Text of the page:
Page 478 - Week 02 - Wednesday, 23 March 2022


The strategy will outline the shared objectives of the sector, the values and principles that should underpin workforce initiatives and the desired outcomes. The strategy will also identify priority areas for reform, including data-driven planning, monitoring and evaluation; attraction, recruitment and retention; education, training, research and innovation; and developing and embedding the lived experience workforce.

The release of this strategy will be the first of a series of steps towards driving change and addressing some of the persistent challenges facing the ACT mental health workforce. What this framework will provide is the strategic direction to coordinate efforts across the ACT government and to bring us together under a shared purpose and direction.

The approach will allow us to identify the current strengths of the system, the pressure points and where there are existing gaps to inform where our future efforts and investments should be. It is important that we recognise the valuable contributions made by workers across the full spectrum of care, from the acute end through to the community-managed sector.

We also need to recognise that the workforce needs to be supported to continue to deliver a high standard of mental health care. This will be achieved through enabling opportunities for education, training and research and innovation to facilitate best practice. These will be considered with the intention of improving the quality of care and outcomes for the community.

The strategy will also recognise the need to promote mental health as an attractive sector to work in and to further develop and build on our strategies for attraction, recruitment and retention. I acknowledge that addressing issues that negatively impact on retention of the mental health workforce will require a focused effort in the areas of mental health worker wellbeing, mental health worker conditions and work satisfaction.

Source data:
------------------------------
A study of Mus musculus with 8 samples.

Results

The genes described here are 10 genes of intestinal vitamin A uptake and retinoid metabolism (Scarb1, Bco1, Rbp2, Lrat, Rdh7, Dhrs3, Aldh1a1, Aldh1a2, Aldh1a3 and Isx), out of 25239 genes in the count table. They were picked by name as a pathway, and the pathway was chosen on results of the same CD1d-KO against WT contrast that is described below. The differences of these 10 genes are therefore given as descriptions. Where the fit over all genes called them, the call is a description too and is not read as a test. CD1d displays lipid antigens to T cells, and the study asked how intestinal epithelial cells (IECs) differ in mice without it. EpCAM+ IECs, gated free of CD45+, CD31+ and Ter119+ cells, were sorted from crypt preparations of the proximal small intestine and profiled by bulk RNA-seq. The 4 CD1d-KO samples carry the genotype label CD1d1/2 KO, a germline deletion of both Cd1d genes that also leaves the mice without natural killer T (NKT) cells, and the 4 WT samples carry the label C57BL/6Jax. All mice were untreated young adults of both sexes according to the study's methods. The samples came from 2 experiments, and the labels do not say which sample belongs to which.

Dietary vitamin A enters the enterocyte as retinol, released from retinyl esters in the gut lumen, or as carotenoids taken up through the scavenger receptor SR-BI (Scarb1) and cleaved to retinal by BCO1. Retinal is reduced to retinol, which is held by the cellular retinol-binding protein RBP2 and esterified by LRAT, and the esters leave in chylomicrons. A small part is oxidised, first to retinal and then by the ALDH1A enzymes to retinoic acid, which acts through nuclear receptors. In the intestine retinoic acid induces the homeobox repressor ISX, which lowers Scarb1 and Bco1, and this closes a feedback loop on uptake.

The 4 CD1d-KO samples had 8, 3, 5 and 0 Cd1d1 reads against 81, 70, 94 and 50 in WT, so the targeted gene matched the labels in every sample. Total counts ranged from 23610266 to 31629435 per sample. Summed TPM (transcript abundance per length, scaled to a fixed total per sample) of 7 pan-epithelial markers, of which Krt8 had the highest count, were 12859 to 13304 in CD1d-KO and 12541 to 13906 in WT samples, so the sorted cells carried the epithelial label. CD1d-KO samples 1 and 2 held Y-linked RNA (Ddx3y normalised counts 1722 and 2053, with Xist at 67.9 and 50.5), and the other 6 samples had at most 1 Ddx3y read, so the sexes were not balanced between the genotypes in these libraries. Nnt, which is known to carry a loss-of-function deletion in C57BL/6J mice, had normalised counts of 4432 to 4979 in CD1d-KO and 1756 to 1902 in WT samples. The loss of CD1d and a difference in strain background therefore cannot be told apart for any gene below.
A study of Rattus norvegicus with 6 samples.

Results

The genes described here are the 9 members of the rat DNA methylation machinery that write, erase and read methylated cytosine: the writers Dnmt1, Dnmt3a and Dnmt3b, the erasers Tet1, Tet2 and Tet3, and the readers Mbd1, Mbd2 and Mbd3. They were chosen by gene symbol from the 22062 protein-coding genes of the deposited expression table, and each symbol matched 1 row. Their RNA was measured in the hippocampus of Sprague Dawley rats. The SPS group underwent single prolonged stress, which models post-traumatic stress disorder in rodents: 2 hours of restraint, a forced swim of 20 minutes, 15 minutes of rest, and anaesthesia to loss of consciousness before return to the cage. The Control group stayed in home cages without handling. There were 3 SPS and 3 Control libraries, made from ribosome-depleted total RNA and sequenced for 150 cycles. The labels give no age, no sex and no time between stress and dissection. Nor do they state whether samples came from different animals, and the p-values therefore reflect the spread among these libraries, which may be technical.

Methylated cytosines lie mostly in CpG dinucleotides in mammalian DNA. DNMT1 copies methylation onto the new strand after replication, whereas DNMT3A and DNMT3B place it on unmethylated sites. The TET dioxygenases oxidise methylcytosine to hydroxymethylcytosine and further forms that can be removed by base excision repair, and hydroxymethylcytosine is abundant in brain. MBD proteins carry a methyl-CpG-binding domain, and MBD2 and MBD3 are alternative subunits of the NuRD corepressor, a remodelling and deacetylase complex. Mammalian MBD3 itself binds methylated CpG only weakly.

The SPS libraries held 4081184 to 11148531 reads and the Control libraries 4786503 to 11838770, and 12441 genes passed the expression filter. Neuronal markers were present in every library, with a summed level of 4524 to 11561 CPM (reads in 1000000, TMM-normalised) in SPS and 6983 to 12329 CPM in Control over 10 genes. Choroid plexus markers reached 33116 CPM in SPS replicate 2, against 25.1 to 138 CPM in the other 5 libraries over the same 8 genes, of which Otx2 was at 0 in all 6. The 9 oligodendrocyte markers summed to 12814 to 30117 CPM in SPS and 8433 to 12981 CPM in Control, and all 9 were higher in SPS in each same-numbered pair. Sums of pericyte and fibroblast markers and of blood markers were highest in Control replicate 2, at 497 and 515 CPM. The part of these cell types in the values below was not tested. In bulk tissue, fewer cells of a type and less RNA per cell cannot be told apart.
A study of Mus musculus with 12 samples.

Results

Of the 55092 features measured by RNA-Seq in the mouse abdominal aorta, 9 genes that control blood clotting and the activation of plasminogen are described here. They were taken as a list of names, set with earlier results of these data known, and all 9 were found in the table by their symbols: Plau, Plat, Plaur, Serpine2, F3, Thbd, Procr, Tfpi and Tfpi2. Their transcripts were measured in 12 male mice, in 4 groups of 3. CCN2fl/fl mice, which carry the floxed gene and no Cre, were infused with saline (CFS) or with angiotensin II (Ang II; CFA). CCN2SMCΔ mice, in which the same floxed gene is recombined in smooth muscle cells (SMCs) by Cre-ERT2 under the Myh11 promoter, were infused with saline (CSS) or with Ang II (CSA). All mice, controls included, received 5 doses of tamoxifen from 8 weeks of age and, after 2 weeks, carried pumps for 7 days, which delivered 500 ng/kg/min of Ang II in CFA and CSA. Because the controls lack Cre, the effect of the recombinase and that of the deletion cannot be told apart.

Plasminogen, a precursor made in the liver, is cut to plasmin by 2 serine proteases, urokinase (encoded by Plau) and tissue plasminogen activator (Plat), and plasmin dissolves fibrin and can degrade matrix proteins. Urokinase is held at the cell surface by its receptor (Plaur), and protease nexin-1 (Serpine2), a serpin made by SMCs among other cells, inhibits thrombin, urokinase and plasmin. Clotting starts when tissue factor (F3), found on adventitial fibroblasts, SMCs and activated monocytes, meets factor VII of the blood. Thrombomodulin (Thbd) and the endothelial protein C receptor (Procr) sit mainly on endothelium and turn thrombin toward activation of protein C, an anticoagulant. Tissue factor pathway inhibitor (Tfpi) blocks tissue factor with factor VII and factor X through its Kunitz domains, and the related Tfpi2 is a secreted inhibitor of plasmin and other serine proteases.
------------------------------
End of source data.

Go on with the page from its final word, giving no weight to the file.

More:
Our workforce has continued to support our community through many challenges over the past two years and it is important that we continue to ensure that their needs are understood and addressed, to maintain our workforce. The strategy will make an explicit commitment towards developing and embedding the lived experience workforce across the ACT mental health system. Research tells us that the inclusion of peer workers can reduce the use of emergency services and hospitalisations. It can decrease the admission to inpatient units, lower the length of visits and reduce the rate of readmission.

People who have been supported by a peer support worker reported a greater sense of empowerment and increased sense of independence and normalisation of emotional responses, reduced stigma and a sense of hope for recovery. We have already started to see the benefits of peer workers across a range of sectors, including at the Safe Haven in Belconnen, which we opened at the end of last year.